YOKOHAMA, Japan — The mantra among Japanese automakers these days is that changing times mean changing tactics, changing technologies and, perhaps most jarring of all, changing parts suppliers.
For foreign suppliers, long blocked from the local market by Japan's close-knit keiretsu system of vertically integrated parts makers, the upheaval presents a game-changing opportunity.
Continental thinks the moment is right for sales to surge in Japan, says Bert Wolfram, CEO of Continental Automotive Japan, the German supplier's local subsidiary.
"Bringing cutting-edge technologies to the Japanese market is going to drive us forward," Wolfram said at his company's headquarters here just south of Tokyo. "That's what customers want and require. That's where the open door is.
"In the past, they were more conservative when it comes to technology."
The world's No. 5 partsmaker forecasts 544 billion yen ($5.2 billion) in sales to Japanese automakers in 2019, double its 2014 sales. That would be a nice leap for an international supplier that set up operations in Japan only in 2000.
Over the past 18 years, Continental has expanded its payroll here to almost 1,300 employees, nearly half of them in engineering. Last July it moved into a bigger headquarters building in Yokohama, across the street from a four-story technical center it opened in 2007.
Japan's automakers are looking outside their keiretsu for several reasons.
As they localize production in overseas markets, Japanese automakers need suppliers with an established international footprint and the ability to supply the same part anywhere in the world. But they also are increasingly on the lookout for the latest, greatest technologies.
That means changes for Continental too. In the past, the supplier was apt to offer its most cutting-edge products to its core group of customers. But no more.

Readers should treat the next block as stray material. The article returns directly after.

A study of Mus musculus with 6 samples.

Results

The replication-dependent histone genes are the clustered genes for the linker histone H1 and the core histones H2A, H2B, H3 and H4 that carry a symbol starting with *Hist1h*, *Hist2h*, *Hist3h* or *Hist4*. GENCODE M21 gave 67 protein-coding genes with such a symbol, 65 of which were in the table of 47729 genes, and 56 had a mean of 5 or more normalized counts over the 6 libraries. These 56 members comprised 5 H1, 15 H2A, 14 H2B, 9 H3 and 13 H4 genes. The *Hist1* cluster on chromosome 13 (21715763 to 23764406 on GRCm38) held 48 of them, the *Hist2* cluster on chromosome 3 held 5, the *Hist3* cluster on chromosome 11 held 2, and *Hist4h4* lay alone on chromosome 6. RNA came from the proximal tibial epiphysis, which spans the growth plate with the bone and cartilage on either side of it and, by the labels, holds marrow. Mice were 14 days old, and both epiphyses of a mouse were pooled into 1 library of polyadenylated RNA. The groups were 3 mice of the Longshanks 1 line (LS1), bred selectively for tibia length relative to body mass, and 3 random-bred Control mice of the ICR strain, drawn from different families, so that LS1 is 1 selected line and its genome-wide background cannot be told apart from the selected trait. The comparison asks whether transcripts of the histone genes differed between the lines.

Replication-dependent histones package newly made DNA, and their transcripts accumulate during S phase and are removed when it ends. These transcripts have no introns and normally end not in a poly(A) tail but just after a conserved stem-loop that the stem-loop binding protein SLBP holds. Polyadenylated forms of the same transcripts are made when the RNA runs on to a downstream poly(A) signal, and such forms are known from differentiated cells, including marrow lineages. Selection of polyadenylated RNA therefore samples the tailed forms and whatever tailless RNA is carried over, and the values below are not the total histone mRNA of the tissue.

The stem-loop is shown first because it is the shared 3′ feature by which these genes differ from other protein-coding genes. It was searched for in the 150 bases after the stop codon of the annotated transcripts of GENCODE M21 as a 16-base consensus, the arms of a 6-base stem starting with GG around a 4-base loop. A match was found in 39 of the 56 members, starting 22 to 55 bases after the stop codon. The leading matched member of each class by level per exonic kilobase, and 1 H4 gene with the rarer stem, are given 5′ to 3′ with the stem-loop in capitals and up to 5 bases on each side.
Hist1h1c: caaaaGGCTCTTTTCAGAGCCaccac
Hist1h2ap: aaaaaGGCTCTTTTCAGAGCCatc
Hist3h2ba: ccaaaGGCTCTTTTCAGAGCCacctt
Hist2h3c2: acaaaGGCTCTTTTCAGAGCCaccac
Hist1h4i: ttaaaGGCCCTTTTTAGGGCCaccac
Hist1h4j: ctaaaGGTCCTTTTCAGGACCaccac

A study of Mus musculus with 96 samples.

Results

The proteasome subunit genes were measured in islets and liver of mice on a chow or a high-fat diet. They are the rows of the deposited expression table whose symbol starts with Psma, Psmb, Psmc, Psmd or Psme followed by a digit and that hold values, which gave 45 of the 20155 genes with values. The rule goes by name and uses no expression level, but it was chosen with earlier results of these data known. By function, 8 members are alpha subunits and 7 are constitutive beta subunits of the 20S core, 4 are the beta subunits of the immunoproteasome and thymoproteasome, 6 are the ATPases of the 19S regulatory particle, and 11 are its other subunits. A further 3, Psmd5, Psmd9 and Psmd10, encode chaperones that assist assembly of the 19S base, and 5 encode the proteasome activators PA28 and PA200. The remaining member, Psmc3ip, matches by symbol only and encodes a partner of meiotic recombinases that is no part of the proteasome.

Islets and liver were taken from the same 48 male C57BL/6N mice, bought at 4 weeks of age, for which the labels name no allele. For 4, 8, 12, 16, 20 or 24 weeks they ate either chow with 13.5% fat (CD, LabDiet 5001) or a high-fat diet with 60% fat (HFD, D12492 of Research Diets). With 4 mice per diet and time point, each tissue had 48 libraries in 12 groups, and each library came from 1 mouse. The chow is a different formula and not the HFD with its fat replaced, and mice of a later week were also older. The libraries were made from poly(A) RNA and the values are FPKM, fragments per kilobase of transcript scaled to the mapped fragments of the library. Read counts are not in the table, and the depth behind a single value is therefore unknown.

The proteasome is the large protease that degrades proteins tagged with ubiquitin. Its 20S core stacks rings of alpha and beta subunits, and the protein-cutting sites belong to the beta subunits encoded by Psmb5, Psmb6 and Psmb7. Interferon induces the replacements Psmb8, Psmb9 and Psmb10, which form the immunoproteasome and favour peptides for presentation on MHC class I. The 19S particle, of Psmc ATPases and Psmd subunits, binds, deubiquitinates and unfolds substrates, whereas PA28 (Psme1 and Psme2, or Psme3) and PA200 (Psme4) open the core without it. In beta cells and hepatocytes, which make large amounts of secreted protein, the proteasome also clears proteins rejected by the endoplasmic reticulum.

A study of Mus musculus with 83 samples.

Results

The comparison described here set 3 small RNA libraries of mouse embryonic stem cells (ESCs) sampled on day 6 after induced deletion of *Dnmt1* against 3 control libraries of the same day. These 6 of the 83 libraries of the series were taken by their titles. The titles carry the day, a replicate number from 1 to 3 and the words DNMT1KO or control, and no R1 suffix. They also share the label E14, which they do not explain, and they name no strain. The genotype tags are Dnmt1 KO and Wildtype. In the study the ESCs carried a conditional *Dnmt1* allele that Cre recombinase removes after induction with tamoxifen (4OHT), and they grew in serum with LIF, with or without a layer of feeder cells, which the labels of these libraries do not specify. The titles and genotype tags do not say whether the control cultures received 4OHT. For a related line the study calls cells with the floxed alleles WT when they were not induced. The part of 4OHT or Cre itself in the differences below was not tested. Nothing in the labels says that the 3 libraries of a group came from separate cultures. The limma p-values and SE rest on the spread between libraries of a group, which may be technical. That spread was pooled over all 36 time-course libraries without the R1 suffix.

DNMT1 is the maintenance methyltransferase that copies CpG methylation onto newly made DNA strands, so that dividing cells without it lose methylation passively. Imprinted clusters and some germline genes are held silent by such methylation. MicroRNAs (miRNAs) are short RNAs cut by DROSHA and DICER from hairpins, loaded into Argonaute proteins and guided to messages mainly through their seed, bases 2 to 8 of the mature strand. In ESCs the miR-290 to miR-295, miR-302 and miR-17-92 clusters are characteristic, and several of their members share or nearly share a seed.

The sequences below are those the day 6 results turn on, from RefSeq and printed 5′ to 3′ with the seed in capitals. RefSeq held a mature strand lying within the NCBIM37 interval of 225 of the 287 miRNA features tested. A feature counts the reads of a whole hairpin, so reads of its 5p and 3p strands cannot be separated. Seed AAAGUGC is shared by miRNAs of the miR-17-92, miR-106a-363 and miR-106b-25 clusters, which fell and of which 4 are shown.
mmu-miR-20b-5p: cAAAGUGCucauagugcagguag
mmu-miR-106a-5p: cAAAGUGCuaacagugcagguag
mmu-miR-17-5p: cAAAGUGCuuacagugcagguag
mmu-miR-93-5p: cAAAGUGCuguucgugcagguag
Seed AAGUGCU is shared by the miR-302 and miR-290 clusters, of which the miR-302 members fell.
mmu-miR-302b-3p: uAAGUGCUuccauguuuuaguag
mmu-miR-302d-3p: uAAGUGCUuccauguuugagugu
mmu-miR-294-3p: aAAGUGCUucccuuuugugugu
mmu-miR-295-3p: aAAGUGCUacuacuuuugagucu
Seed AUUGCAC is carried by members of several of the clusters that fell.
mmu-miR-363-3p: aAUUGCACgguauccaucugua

"We have to bring our latest technologies right away also to our Japanese OEMs and not just to European or American OEMs," Wolfram said. "I think that's different from the past."
Continental made a big breakthrough in 2015 when it began supplying a precrash emergency braking system to Toyota for use across its compact car range.
Marketed as Toyota Safety Sense C, the package is now in such nameplates as the Corolla, Yaris and Prius C hybrid. That order took a big slice of a pie that might otherwise have gone to Japan's Denso.
Toyota has since begun supplying a similar setup to Suzuki and Mitsubishi.
Going forward, Japanese automakers will have first dibs on other advanced technologies.
Among them, Continental plans to deliver a flash lidar system to a Japanese automaker by 2020 to use in an autonomous driving system. Wolfram declined to name the customer but said it would be among the first worldwide to get the product. The vehicle is expected to be a low-volume, upscale model and need several of the lidar scanners to flesh out the system.
Continental brought the lidar know-how in-house through the acquisition several years ago of a California startup. The flash lidar under development has no moving parts and builds a 3-D image of a car's surroundings by beaming out lasers 30 times a second.
"We will step into the sensor field with this new technology," Wolfram said. "We definitely want to bring our latest technologies to our Japanese OEMs right away."